Local Scene's Cruzados Perform At The Palace

December 30, 1985|RICHARD CROMELIN

"Why can't Cruzados get a record deal?" was a familiar cry around town for years, so let's not complain that once Cruzados did get signed, they made an album that was sort of, well, commercial. Nothing wrong with trying to keep the record deal.

On the other hand, it doesn't seem fair that X gets raked over the coals for trying out a few heavy-metal riffs while Cruzados remains respectable while dishing out sounds that would revive an Eagles fan, along with such people-pleasin' frills as stage fog and taped symphonic song introductions.

At the Palace on Friday, though, the local-scene veterans also brought some substance and flavor into the mainstream with them, preserving some of their eccentricities (like the feedback finale) and personalized touches as they courted the masses. Tito Larriva anchored things with his distinctive vocal style--he always sounds as if he's pushing it to the point of strain just to stay in front of the instrumental attack.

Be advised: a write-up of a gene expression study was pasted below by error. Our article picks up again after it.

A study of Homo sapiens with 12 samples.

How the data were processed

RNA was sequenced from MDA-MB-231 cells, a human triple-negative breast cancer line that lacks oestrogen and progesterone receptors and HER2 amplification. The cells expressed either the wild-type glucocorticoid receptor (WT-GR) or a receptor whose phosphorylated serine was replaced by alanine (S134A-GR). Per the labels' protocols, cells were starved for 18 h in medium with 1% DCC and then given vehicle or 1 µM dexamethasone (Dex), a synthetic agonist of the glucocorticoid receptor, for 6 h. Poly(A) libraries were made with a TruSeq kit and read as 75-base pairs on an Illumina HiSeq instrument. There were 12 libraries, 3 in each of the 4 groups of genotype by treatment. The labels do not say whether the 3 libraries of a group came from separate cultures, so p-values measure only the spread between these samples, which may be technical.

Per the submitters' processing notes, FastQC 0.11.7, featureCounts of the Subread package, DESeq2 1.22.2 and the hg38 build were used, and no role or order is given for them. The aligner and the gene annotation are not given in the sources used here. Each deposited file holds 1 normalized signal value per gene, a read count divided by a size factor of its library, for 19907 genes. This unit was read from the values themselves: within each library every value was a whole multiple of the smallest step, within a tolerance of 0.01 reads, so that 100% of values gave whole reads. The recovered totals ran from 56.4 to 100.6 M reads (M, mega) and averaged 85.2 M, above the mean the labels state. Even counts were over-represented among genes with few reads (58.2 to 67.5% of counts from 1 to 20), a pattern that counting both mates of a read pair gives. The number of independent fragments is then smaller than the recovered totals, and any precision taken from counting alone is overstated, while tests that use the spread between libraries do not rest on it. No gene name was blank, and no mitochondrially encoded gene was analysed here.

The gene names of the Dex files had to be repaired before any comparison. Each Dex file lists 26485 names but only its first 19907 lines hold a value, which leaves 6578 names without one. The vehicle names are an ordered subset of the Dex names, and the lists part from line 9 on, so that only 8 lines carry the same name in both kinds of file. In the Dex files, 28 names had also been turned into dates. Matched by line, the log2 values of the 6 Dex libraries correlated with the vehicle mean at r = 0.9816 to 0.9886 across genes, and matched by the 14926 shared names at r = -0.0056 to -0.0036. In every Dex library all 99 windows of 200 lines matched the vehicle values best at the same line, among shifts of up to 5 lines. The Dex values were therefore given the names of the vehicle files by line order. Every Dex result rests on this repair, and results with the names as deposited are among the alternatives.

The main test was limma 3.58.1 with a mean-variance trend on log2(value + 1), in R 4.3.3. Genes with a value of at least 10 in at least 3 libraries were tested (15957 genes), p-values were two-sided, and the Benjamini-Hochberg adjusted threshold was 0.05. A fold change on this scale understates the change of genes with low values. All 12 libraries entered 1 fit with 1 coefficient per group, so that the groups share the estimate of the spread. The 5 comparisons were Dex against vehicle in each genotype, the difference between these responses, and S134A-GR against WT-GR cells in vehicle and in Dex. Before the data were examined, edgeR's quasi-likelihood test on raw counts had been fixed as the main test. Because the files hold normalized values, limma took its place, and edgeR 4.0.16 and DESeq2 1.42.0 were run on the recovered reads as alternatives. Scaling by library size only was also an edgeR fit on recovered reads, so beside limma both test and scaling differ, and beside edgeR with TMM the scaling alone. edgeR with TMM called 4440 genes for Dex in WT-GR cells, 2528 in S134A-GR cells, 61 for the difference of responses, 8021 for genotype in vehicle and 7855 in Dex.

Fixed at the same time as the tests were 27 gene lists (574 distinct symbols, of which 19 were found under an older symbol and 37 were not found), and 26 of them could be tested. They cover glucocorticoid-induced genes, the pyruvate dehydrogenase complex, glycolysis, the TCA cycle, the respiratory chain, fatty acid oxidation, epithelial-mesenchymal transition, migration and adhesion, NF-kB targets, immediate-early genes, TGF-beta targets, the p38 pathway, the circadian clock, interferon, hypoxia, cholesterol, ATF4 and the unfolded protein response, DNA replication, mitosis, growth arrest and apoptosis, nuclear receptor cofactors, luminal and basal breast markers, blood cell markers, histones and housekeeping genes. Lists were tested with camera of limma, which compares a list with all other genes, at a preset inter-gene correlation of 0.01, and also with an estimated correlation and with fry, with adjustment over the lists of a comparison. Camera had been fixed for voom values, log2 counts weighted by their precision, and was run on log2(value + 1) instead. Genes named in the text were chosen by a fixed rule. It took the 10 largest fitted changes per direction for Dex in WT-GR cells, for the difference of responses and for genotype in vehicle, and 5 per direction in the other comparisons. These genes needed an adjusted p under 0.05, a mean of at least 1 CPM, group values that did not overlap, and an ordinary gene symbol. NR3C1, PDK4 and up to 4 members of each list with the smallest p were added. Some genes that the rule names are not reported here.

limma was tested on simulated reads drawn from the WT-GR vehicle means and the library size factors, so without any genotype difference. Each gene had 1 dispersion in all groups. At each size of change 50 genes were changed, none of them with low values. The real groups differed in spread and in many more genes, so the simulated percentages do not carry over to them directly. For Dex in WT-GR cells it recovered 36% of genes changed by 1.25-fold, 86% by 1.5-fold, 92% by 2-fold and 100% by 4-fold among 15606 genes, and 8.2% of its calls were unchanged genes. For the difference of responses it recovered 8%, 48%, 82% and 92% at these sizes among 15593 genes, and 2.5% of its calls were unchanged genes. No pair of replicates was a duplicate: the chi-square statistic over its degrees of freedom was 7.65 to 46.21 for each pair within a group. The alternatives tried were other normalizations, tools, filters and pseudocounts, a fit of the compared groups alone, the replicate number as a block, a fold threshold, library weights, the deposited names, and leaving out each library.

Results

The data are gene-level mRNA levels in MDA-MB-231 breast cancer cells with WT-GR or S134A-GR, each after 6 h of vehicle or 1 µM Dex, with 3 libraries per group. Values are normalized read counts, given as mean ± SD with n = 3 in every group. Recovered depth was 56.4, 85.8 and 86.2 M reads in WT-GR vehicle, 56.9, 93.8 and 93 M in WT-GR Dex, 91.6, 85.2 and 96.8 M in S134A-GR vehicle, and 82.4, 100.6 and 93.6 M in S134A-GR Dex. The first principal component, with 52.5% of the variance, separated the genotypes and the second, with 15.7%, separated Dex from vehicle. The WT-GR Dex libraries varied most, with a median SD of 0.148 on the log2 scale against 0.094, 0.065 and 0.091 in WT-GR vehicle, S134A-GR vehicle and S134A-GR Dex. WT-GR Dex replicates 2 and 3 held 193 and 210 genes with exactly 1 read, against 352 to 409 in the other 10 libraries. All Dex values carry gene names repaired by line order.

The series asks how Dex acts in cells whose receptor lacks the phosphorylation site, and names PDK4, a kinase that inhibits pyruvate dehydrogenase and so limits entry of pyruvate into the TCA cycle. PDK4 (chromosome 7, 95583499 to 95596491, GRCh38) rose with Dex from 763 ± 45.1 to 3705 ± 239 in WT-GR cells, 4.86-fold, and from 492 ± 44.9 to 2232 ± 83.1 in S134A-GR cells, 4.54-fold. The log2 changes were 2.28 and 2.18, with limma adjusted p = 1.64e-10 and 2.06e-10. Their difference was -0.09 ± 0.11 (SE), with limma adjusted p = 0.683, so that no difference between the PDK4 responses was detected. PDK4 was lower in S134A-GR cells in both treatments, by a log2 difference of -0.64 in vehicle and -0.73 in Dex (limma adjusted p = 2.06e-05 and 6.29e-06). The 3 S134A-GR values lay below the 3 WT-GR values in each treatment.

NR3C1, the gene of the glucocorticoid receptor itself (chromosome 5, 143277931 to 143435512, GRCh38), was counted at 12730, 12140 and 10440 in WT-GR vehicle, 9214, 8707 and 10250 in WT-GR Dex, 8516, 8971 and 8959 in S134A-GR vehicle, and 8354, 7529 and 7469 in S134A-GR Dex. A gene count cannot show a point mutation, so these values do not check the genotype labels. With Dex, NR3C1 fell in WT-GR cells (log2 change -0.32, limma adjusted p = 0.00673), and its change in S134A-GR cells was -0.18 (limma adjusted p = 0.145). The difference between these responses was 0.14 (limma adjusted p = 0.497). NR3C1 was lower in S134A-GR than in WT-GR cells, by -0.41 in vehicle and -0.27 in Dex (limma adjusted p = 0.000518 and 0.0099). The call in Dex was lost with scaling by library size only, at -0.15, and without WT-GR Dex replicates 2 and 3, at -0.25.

The songs ranged from the slight ("Motorcycle Girl") to the super ("Hanging Out in California," "Just Like Roses"), and most of them ended with dramatic, loosely structured guitar workouts between Larriva and new Cruzado Marshall Rohner. With his red haystack hair and bleached complexion, Rohner looks like a refugee from Duran Duran, and the contrast with his earthier-looking bandmates added an extra touch of entertainment.

The second-billed Red Devils have left their rockabilly phase and now can't decide whether to be like the old Heart, or the new Heart, or Joan Jett or what. Singer-bassist Emmy Lee has star quality, and her vocals rang truest when the material was in touch with country roots.